Bile Duct Cancer Overview


What is the bile duct?

Bile duct cancer, also known as cholangiocarcinoma, is a rare cancer that begins in the bile duct. The bile duct is a thin tube that goes from the liver to the small intestine. It is about four to five inches long. The main role of the bile duct is to move bile produced in the liver to the gallbladder and to the small intestine. Once bile is in the small intestine, it helps the body digest fats in the foods we eat. Bile duct cancers may develop in and around the liver. 

What is bile duct cancer?

Bile ducts have different types of tissue which can develop into cancer. Many bile duct tumors begin in glandular tissue found within the bile duct. This tissue type is called adenocarcinoma. Squamous carcinoma and sarcomas are other bile duct tissue types. 

Cancer of the bile duct can start in the bile duct and spread to other areas of the body. Bile duct cancer can spread within the liver, and to the gallbladder and pancreas. It can also spread to lymph nodes and to other nearby organs or tissues, such as the colon, stomach, small intestine, or abdominal wall.

Risk factors

It is unknown what causes bile duct cancer. People who have chronic inflammatory bowel disease or have had a parasitic infection have a greater chance of developing bile duct cancer. People chronically infected with the live fluke parasite, Clonorchis sinensis, which is found in parts of Southeast Asia, may develop bile duct cancer. People can become infected with this parasite by eating raw or pickled freshwater fish from this region of the world. Most people with this infection will not develop cancer. Also, people with chronic ulcerative colitis or sclerosing cholangitis have a higher chance of developing bile duct cancer. Another risk factor that may increase the chances of developing bile duct cancer is having a birth defect (congenital abnormality) of the bile duct. No one cause of this disease has been found.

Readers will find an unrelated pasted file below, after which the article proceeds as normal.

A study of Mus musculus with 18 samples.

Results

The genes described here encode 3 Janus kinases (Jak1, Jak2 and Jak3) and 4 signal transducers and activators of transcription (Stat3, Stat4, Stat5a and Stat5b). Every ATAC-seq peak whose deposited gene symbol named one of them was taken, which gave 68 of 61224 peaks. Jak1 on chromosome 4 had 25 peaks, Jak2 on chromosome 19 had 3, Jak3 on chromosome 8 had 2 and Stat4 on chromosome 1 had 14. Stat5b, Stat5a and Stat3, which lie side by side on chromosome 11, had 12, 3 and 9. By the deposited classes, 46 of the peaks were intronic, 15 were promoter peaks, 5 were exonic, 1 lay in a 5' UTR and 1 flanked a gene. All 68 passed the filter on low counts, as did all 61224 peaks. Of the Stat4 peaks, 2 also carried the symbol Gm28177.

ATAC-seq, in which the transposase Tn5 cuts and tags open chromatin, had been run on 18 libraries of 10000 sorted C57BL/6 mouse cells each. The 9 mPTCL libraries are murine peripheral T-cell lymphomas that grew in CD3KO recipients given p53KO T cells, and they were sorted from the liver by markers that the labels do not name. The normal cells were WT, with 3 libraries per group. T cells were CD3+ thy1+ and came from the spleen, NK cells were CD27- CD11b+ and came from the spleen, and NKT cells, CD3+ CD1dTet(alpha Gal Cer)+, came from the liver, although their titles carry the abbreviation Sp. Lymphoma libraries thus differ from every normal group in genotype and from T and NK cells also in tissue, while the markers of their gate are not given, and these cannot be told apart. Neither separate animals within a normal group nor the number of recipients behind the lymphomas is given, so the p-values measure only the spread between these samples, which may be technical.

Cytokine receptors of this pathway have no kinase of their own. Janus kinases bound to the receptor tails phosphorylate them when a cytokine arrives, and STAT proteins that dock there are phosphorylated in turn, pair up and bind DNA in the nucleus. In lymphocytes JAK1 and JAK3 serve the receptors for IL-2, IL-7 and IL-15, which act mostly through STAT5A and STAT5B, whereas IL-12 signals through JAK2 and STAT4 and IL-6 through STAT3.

Bile duct cancers usually develop slowly and the signs and symptoms can be so minor that they are difficult to spot.  Common signs of bile duct cancer are the yellowing of the skin or the whites of the eyes (called jaundice) and itching.  Jaundice occurs as bilirubin (a product of bile) builds up in the skin instead of emptying into the small intestine. Other possible signs and symptoms of bile duct cancer are:

  • Bloating
  • Weight loss
  • Decreased appetite
  • Fever
  • Nausea
  • Enlarging abdominal mass
  • Pain in the abdomen

Treatment options

Treatment of bile duct cancer depends on the size of the tumor and whether cancer cells have spread to other parts of the body. Bile duct cancers are usually grouped by how the cancer may be treated. The two groups are called localized and unresectable disease.

  • Localized bile duct cancer means that the tumor cells are found only at the bile duct and may be completely removed by surgery. 
  • Unresectable bile duct cancer means that the tumor cells have spread to lymph nodes, the liver or other areas of the body.  Since the cancer has spread, it cannot be completely removed by surgery alone.

The best treatment option for bile duct cancer that has not spread outside of the bile duct is surgery. If the patient is too sick to go through surgery, radiation therapy to the cancer site can be a treatment option. Radiation therapy along with chemotherapy may also be considered once the cancer has been surgically removed in an effort to remove any remaining cancer cells. 

Unresectable bile duct cancer

Unfortunately, bile duct cancer is commonly found after it has spread to other areas of the body and all of the tumors cannot be removed by surgery. Tumors that cannot be removed by surgery are called “unresectable.” The standard treatment for unresectable bile duct cancer is chemotherapy, with or without radiation therapy. Patients may want to consider participation on a clinical trial.  A clinical trial is meant to obtain information on new treatments for patients with cancer. Patients with unresectable bile duct cancer may have the option to be treated with chemotherapy with or without radiation therapy on a clinical trial. Chemotherapy and radiation therapy may relieve symptoms and improve the patient's quality of life. It is important to discuss all options with a medical oncologist and together decide which treatment is best for you.